Under tremendous pressure and admittedly out of form, Humpy could not use her white pieces well in the eighth game which was another Queen's gambit declined.
The Indian had spoilt many good positions during the course of the match in the Euros 200,000 championship.
Yifan, with three victories and five draws, emerged as the worthy winner of the crown with her fantastic over-the-board resilience and won the title for the first time in a match. It may be recalled that the 17-year-old Chinese had won the last championship in a knockout format and now this victory against a higher-rated Humpy confirms her status as the best woman player on the planet.
However, all these considerations are given the fact that highest ranked woman for a long time - Judith Polgar of Hungary - does not play in women's tournaments or championships and is a fierce competitor among men.
While Hou preparation was good and throughout the match she got better positions, Humpy probably underestimated the sharp playing strength of her rival which cost her match.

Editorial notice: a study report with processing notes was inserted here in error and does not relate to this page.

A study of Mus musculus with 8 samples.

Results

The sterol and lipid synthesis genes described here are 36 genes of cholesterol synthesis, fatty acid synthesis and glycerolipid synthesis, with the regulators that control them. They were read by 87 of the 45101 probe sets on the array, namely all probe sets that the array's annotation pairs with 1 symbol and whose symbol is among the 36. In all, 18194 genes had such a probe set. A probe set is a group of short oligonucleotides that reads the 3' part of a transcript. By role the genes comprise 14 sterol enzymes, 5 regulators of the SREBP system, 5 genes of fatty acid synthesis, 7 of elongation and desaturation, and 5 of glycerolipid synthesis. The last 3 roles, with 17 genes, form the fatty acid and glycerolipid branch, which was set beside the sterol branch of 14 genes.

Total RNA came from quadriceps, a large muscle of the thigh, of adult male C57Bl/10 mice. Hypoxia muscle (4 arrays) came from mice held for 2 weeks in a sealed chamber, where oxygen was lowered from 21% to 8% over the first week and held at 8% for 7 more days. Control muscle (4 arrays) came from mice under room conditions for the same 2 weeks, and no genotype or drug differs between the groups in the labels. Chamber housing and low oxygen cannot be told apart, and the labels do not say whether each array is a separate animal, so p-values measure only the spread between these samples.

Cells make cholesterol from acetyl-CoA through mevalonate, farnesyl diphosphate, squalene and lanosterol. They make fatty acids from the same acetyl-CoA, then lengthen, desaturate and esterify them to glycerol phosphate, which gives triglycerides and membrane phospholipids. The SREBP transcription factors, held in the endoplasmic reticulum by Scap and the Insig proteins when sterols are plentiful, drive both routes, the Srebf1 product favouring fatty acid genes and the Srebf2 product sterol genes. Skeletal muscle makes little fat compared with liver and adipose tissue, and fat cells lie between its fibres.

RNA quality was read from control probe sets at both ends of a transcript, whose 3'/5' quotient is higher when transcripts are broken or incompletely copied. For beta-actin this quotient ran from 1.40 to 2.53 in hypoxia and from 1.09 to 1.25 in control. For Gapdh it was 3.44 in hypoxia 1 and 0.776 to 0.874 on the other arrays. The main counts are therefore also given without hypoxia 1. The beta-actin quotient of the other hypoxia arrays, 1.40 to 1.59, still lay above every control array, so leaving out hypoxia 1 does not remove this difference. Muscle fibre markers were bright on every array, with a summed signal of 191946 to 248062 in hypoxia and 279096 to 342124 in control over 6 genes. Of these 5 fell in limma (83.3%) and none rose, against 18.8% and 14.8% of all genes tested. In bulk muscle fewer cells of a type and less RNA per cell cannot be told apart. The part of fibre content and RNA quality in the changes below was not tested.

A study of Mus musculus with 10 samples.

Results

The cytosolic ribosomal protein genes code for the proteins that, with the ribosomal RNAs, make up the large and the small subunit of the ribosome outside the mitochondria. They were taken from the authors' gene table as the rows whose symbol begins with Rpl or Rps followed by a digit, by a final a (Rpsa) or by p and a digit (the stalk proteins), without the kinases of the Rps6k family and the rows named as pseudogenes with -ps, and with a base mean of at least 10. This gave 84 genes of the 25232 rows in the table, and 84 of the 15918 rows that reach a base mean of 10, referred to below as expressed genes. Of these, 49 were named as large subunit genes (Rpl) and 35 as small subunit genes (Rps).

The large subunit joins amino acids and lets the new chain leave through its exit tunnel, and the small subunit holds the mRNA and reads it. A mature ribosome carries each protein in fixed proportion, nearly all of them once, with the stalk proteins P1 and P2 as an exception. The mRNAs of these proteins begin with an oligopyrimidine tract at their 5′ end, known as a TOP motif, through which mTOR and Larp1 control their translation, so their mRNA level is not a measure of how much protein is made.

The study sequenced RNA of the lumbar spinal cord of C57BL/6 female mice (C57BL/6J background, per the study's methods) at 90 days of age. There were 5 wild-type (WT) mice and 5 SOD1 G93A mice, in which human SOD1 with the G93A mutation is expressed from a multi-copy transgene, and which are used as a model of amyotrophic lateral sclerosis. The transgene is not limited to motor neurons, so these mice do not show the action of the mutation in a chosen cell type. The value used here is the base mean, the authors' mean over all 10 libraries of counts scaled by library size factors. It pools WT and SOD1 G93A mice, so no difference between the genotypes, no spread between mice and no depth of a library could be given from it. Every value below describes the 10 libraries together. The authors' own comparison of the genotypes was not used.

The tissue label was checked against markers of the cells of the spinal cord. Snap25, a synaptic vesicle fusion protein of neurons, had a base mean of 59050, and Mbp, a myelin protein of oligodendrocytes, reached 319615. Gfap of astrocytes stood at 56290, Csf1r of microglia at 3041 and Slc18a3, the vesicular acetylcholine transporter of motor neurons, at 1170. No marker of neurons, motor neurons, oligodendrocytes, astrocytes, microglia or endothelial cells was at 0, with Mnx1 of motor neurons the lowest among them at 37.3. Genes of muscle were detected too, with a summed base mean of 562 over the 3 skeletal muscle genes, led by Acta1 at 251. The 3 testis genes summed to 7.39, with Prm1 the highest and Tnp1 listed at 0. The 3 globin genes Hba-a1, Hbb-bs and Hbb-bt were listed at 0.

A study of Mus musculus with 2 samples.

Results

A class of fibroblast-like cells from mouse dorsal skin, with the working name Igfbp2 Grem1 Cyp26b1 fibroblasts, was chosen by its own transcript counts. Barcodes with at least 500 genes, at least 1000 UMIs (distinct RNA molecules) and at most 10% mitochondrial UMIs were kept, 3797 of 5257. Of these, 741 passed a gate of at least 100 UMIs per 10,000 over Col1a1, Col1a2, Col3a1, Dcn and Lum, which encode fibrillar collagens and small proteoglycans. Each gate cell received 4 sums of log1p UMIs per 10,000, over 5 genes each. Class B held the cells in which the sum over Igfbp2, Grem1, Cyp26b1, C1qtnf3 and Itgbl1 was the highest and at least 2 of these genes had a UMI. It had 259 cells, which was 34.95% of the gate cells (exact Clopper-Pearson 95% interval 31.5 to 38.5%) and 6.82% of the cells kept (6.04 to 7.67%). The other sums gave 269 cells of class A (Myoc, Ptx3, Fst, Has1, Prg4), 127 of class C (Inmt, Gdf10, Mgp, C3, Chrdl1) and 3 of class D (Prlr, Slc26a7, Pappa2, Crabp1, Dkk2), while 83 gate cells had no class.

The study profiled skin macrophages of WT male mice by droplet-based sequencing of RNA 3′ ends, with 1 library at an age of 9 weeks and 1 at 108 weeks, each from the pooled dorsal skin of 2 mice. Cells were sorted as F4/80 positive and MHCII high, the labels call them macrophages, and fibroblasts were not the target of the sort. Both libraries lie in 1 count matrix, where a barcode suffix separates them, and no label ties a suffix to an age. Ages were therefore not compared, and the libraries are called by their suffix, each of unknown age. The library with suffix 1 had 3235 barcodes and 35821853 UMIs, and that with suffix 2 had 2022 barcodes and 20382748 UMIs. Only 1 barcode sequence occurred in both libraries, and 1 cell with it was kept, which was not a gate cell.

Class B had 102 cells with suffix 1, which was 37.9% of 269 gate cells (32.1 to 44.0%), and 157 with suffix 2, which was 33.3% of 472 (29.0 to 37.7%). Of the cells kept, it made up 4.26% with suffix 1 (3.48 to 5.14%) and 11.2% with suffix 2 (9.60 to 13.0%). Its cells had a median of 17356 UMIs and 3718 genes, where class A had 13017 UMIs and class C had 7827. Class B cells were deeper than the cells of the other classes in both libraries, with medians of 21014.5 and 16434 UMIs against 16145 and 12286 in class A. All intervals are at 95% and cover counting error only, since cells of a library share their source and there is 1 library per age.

After being pushed to the wall, Yifan always fought her way back giving strength to the chess adage: preparation is not everything.
The eighth game saw Humpy again gaining a miniscule advantage but Yifan neutralised it in quick time with exchanges at regular intervals.
It was not too long before the players reached a rooks and pawns endgame wherein Humpy knew her chances of a comeback had evaporated. The game was drawn in a mere 29 moves.
The prize-distribution ceremony will be held on schedule on November 30 which gives the players to have a closer look at Tirana and Albania. Humpy's world title aspirations will have to wait for some time now.